By Jennifer Perrow, originally published on Parentology July 20, 2019
Take a trip to the toy section of just about any store and you’ll notice definite gender segregation. However, a closer look reveals many of these toys are becoming more similar. The reason? STEM (Science, Technology, Engineering and Math specialties) and the recent focus on creating a more gender-equal workforce.
STEM-related careers are typically among the highest–paid. The underrepresentation of women in these fields is a significant factor in the gender pay gap. However, enrollment in STEM degree programs continues to be dominated by men. In 2017, only 37 percent of all STEM degrees in the US were earned by women.
The Tides Are Changing
For years, it was believed the overwhelming representation of men in STEM careers was due to males having a stronger aptitude for math and science. It’s now been proven there’s virtually no gender difference in aptitude. So what’s to blame? Turns out, gender stereotyping plays a significant role.
Research shows beliefs regarding which subjects are targeted towards certain genders strongly influences an individual’s basic interests and career choices. This is especially alarming when considering these beliefs are formed as early as the age of six.
In a recent study funded by the National Science Foundation (NSF), it was determined women and minorities who perform well in STEM courses in high school, choose STEM majors in college, or enter the STEM workforce after college graduation, possess a strong “science identity” that was nurtured over their lifetime.
Terrell L. Strayhorn, PhD, Vice President of Academic & Student Affairs at LeMoyne-Owen College in Memphis, Tennessee, who led the NSF study, tells Parentology, “Women [in the study] traced their STEM career choices to early exposure to such toys and childhood play that expanded their knowledge of the world, developed their motor skills, and fostered their cognitive, emotional, and social development.”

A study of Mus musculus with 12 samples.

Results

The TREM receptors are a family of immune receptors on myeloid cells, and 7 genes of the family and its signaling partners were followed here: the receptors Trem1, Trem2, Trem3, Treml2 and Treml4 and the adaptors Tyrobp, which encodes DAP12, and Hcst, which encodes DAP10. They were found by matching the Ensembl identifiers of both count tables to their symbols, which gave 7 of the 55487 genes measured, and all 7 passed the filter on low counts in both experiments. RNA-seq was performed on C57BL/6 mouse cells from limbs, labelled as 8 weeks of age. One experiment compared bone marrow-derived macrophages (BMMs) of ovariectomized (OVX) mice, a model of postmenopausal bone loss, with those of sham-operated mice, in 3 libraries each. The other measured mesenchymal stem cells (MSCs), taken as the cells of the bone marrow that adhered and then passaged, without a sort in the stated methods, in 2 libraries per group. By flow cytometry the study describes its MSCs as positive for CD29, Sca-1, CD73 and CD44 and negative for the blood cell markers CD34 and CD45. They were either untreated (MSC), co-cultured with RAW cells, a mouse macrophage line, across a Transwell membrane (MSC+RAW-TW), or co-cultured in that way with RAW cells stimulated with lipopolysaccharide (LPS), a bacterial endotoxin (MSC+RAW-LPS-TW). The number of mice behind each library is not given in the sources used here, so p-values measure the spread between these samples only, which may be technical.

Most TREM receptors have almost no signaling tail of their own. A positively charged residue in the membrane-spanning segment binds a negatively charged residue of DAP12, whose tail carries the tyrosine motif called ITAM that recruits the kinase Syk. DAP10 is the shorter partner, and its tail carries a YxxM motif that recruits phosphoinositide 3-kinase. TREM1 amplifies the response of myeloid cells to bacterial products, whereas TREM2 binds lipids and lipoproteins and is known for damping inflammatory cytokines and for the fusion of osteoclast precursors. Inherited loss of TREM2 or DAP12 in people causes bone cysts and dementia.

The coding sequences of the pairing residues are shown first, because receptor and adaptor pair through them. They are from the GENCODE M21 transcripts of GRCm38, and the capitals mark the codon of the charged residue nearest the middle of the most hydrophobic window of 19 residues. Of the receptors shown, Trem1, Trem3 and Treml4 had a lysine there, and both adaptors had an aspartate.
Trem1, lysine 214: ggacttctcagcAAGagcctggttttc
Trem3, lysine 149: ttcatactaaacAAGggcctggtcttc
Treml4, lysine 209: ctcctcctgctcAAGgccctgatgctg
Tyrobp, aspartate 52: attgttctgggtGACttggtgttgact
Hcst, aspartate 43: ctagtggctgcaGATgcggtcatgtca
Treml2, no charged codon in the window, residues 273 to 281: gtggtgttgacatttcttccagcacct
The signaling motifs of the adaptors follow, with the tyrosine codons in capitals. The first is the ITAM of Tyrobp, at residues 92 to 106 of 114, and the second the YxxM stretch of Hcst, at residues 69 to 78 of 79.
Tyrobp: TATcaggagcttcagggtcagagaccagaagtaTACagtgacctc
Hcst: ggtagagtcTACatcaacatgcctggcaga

Strayhorn continues, “My participants consistently talked about growing up with ‘cool gadgets’ or ‘techie toys’ that seemed to nurture creativity, encourage experimentation, and inspire wonder about the world and how it works. In some cases, my young, would-be scientists/engineers would break a toy, then challenge themselves to put it back together again.”
What’s to Be Done?
Historically, male-targeted toys, such as erector sets and LEGO kits, have been more STEM-focused. Even action figures have tended to be grounded in the world of science fiction. Girls, on the other hand, were being marketed Barbies, baby dolls, and tea sets.
Today, toy manufacturers have taken heed and are making changes. LEGO has introduced a line geared specifically toward girls, including their Flower Gears sets. Mattel formed a Barbie Global Advisory Council of 12 experts in STEM, culture and identity to assist with product development.
Additionally — new companies, among them GoldieBlox and STEM Girls Books — are popping up to meet the demand of STEM toys.
Have a daughter and want to make sure her future is wide open? Knock down the gender walls when shopping in the toy aisle.